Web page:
Industrial Fishing

There was a time when coastal communities fished for sustenance, living in balance with the ocean.

The commercial fisheries which operate today are driven by profit. They demand infinite growth on a finite planet and take without giving back.

With technologies like sonar to locate the fish, massive nets and lines that stretch for miles, these factories at sea have decimated life in the ocean.

Within 50 years 90% of all large fish in the ocean have been wiped out. 

The commodification of fish is part of the problem. In our culture's economic system living fish have no value until they are converted into fish sticks, fillets or feed for livestock. 

Fish are not considered "wildlife" the way birds and other animals on land might be. They are often referred to as "stocks" - resources to be exploited. In reality, fish are living beings whose lives are just as valuable to them as yours is to you and mine is to me. They have important roles to play in their own communities.


There are numerous fishing methods with detrimental impacts on the ocean. Bottom trawlers scrape the ocean floor, scooping up everything in their path, clear cutting habitat like corals and sponges so that even if a fish managed to escape the net it would have no home to return to. There are enough longlines set in the ocean every day to wrap around the planet 500 times, with miles of baited hooks catching everything from sea turtles to sharks, sea birds, small fish, large fish, surface and deep water animals. 

Industrial fisheries are subsidized to the tune of 35 billion dollars a year globally.

Each year industrial fisheries waste 54 billion pounds of fish as bycatch - fish who are caught, killed, and thrown back into the ocean because they weren't the target species. Shrimp trawlers, for example, waste up to 80% of what they catch.

Most fish don't survive when they are pulled out of the ocean and thrown back because they have air bladders in their bodies which explode as they are pulled from high pressure in the depths of the ocean to low pressure at the surface.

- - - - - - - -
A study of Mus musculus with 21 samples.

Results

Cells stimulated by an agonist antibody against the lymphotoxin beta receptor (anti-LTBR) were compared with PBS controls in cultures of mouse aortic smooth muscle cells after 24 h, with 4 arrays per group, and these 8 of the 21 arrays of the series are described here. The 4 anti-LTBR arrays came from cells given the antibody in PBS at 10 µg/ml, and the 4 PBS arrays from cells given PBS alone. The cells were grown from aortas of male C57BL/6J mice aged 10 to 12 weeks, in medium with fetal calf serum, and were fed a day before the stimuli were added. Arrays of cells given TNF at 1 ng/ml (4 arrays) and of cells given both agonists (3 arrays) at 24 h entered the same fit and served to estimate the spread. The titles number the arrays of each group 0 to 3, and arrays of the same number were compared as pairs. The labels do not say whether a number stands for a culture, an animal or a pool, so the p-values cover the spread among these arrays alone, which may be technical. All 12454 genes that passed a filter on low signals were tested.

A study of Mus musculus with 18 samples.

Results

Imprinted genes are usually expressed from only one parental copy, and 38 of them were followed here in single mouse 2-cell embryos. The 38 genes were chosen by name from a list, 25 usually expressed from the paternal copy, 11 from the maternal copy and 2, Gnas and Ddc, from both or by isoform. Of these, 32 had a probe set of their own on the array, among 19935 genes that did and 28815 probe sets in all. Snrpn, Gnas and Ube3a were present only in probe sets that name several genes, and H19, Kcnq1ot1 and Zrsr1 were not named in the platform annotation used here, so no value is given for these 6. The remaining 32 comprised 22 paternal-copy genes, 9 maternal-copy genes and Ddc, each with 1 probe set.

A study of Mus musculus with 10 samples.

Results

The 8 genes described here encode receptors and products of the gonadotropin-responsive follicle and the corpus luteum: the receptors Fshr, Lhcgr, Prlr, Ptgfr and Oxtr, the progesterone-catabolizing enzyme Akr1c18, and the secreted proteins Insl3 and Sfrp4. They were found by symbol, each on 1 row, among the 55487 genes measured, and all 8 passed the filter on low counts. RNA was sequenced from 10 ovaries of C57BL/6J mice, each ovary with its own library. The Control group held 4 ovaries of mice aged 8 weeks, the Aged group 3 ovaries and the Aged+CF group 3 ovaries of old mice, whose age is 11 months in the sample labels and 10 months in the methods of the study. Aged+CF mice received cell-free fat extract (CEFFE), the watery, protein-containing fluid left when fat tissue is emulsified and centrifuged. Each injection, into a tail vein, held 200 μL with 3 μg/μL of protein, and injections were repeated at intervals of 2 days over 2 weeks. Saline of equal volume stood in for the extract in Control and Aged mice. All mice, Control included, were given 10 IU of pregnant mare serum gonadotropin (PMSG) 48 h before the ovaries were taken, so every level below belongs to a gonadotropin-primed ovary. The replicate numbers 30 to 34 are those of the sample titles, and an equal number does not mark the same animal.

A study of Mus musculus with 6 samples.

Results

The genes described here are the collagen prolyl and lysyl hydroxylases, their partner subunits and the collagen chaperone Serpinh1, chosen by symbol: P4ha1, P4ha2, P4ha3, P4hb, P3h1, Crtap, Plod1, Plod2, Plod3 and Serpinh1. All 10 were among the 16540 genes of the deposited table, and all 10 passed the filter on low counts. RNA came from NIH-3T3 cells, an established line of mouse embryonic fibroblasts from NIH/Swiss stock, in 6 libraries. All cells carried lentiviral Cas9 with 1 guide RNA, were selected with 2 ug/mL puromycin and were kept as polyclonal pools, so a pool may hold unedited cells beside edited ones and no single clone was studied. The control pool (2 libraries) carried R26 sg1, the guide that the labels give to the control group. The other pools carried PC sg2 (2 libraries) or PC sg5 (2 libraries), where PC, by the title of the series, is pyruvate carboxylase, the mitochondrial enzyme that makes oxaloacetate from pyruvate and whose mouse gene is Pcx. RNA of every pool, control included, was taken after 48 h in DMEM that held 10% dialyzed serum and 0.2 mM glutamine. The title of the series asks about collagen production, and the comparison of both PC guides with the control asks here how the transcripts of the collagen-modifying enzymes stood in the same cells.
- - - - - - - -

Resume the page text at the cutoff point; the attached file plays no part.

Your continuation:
30% of the fish taken from the ocean each year are fed to livestock and pets. It has been said that cows, pigs, chickens and house cats are eating more fish than all the world's sharks.

There are many myths surrounding alternatives to industrial fishing. Farmed fish might sound like a good idea, but the reality is most farmed fish are being fed fish from the ocean. It can take up to 7 pounds of ocean caught fish to produce 1 pound of farm raised tuna or salmon. 

Labels like "dolphin friendly" often mean that the fish was caught using a method such as long lining - high in bycatch and detrimental to most other species.

In an ocean where fish populations have been depleted 90% and are continuing to decline, there really is no such thing as sustainable industrial fishing. 


Our task right now is to let life come back to the ocean. The effects of stopping industrial fishing would be enormously beneficial.

We know from places like Cabo Pulmo that fish populations can bounce back quickly when given the chance. Fish play important roles in the functioning of ocean communities. They also sequester carbon and could help stop ocean acidification and climate change if allowed to survive.